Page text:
Execution by Sawing

The execution by sawing was a method of execution used in Europe under the Roman Empire, in the Spain, and in parts of Asia.  The condemned were hung upside-down and sawn apart vertically through the middle, starting at the groin. Since the body was inverted, the brain received a continuous supply of blood despite severe bleeding, consciousness thereby continuing until, or after, the saw severed the major blood vessels of the abdomen.

Medieval China

The movement of the saw caused a body to sway back and forth making the process difficult for the executioners. The Chinese overcame this problem by securing the victim in an upright position between two boards firmly fixed between stakes driven deep into the ground. Two executioners, one at each end of the saw, would saw downwards through the stabilized boards and enclosed victim.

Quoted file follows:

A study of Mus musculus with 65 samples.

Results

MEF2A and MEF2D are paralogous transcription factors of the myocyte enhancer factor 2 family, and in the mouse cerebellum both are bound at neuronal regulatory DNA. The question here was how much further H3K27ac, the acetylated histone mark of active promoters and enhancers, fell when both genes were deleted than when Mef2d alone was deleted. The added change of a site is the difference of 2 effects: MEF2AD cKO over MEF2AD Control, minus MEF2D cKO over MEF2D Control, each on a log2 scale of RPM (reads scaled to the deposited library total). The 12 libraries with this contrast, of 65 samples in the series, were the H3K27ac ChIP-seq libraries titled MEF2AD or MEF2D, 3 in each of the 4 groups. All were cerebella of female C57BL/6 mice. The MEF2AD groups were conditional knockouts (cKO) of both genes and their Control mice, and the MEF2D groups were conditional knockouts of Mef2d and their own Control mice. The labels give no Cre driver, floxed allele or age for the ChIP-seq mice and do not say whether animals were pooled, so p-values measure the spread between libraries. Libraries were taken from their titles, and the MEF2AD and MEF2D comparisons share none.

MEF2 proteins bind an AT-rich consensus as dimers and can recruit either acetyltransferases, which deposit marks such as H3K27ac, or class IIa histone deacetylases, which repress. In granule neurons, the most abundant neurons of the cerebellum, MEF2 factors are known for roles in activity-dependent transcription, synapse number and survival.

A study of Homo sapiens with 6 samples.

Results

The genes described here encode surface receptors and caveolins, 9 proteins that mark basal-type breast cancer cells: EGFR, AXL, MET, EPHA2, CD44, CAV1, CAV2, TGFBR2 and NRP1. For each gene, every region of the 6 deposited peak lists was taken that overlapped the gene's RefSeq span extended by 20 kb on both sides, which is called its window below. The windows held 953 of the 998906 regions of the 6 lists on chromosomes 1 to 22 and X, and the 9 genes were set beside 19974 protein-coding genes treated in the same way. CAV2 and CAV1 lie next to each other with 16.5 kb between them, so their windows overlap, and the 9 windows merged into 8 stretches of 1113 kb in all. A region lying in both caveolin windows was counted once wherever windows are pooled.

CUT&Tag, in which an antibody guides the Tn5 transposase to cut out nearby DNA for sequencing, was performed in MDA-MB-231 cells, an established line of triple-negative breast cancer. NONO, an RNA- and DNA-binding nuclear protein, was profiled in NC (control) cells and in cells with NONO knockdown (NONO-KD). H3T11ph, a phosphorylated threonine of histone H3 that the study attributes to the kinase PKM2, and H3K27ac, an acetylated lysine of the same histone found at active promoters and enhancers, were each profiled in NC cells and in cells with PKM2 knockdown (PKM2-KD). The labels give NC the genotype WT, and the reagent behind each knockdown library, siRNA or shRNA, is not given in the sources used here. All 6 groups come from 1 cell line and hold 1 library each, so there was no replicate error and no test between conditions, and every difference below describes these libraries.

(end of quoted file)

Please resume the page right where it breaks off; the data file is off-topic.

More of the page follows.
Ancient Rome

Throughout the time of the Roman Empire this method of execution was uncommon. However, it was used extensively during the reign of Emperor Caligula when the condemned, including members of his own family, were sawn across the torso rather than lengthways down the body. It is said that Caligula would watch such executions while he ate, stating that witnessing the suffering acted as an appetiser.


In 1675, a Sikh martyr, called Bhai Mati Das, was sawed to death in Delhi after he refused to accept Islam, when he, along with Guru Tegh Bahadur went to talk with Government on issue of forceful conversions of Brahmins to Islam. Sikh scriptures record that Bhai Mati Dass recited the Japji Sahib as he died.